This huge hoard of cash will help guarantee lending between banks and be used to take stakes in troubled financial institutions.
The initial results: Stocks are up an astonishing 936 points, with most indexes enjoying rises of 11% or more. And many tech stocks did even better: Microsoft bumped up almost 19%, Google gained almost 15%, and Apple jumped almost 14%. (Of course, these gains don't erase last week's 18% losses, and we don't know if the advances will hold.)
Overall, The rANT is impressed, but also a bit chastened to realize that the United States is increasingly becoming a bit player in the world economic scene. The NY Times quoted French President Nicolas Sarkozyputting it this way: ï¿¼Europe, a united Europe, has done more than the United States in total amounts... The time of everyone for themselves is over.ï¿¼
More to the point, though, it's also still too early to tell how this will affect the credit markets (like the Libor and the TED Spread), which remains the real danger spot. Initial indications were at least moderately positive, as the 3-month Libor rate fell to 4.75 percent Monday from 4.82 percent Friday, but that is still more than 4 points higher than the Treasure rates, keeping the TED Spread in uncharted territory. Look to see what happens to those numbers to know where this massive global effort will succeed in stemming the crisis.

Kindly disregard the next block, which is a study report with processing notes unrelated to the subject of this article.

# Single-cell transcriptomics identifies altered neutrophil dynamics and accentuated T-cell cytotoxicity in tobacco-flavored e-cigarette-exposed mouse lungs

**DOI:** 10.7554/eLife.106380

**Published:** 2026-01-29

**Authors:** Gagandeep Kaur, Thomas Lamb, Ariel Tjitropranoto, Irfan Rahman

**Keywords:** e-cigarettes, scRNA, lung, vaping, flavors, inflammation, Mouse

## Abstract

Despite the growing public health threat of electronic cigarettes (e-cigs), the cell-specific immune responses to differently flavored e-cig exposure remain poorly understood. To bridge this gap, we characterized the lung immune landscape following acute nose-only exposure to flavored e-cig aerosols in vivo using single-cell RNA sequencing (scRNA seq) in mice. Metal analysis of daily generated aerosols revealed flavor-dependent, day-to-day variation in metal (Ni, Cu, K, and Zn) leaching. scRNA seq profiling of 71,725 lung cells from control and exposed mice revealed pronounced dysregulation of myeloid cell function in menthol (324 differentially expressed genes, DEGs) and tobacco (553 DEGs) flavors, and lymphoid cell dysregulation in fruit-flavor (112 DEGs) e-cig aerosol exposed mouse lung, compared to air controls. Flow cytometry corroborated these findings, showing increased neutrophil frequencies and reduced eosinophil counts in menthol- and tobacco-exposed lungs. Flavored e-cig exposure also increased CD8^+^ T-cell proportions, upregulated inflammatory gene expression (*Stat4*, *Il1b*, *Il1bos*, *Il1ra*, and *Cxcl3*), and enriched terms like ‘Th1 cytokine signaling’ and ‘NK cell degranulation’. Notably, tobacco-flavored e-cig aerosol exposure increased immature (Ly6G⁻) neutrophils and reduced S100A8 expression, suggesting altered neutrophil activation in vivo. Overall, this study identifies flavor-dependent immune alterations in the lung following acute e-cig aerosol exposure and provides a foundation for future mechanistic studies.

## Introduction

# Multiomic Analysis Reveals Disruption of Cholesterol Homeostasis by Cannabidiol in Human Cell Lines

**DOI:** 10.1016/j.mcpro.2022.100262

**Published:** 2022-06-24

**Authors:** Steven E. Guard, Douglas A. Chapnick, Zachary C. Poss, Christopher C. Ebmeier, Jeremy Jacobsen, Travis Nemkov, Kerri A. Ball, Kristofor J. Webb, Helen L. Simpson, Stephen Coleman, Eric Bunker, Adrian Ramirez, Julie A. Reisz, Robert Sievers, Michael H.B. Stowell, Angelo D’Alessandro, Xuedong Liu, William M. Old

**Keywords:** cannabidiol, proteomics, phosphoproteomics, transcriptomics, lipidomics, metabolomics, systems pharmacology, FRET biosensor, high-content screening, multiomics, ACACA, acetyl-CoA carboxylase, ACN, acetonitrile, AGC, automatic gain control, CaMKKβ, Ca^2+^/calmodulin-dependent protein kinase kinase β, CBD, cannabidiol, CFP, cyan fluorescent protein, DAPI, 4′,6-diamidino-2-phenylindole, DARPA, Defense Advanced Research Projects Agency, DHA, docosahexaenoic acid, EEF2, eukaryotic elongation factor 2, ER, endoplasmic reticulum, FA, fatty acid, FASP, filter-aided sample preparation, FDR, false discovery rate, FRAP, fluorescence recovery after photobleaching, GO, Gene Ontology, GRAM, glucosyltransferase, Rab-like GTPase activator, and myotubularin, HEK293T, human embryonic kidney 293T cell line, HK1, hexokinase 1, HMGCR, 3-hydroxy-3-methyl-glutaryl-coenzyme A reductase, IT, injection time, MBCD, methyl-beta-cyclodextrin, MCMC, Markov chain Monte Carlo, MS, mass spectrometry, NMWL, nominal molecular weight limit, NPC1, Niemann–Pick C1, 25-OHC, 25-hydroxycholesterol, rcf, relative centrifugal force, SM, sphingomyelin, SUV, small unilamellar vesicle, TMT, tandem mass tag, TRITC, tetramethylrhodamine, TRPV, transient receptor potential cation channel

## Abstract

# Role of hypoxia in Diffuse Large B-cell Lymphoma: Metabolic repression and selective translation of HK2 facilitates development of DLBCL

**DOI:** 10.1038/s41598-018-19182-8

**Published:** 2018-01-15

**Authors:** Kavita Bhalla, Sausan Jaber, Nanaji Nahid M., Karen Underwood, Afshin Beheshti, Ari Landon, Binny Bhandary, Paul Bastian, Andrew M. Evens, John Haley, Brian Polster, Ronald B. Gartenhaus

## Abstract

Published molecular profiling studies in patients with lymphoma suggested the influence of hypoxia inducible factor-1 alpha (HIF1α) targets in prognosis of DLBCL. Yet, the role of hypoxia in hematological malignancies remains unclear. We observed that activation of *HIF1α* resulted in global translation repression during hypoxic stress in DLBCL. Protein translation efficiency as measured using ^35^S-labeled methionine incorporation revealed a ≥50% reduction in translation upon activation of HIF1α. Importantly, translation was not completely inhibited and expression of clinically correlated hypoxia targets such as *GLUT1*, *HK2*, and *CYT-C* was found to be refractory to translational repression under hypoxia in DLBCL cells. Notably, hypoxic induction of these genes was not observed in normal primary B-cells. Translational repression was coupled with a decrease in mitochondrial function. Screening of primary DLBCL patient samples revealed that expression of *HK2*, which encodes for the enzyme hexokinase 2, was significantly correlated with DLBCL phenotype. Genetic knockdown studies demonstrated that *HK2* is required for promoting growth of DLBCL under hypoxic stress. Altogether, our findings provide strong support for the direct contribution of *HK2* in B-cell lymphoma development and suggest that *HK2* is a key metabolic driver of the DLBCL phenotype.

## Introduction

You can bet business owners will be watching. According to a survey conducted last week by American Express OPEN, nearly one in five (18%) small business owners risk going out of business because of the economic climate. They survey also revealed that 63% of small business owners say the credit tightening has already has affected their business, with 79% losing sales, 51% tapping personal assets to pay business expenses, and 12% laying off staff. Almost a third (32%) believe they will have to downsizing in the future, while half (50%) say they'll have to work longer hours and cut back on marketing (52%). 58% expect lower profits while 33% say they will raise prices.
Some 55% said the US bailout would help stabilize the economy, but only a quarter said raising the limit on FDIC insurance of bank deposits from $100,000 to $250,000 will help them.
The rANT says we saw some progress today, but this ain't over yet.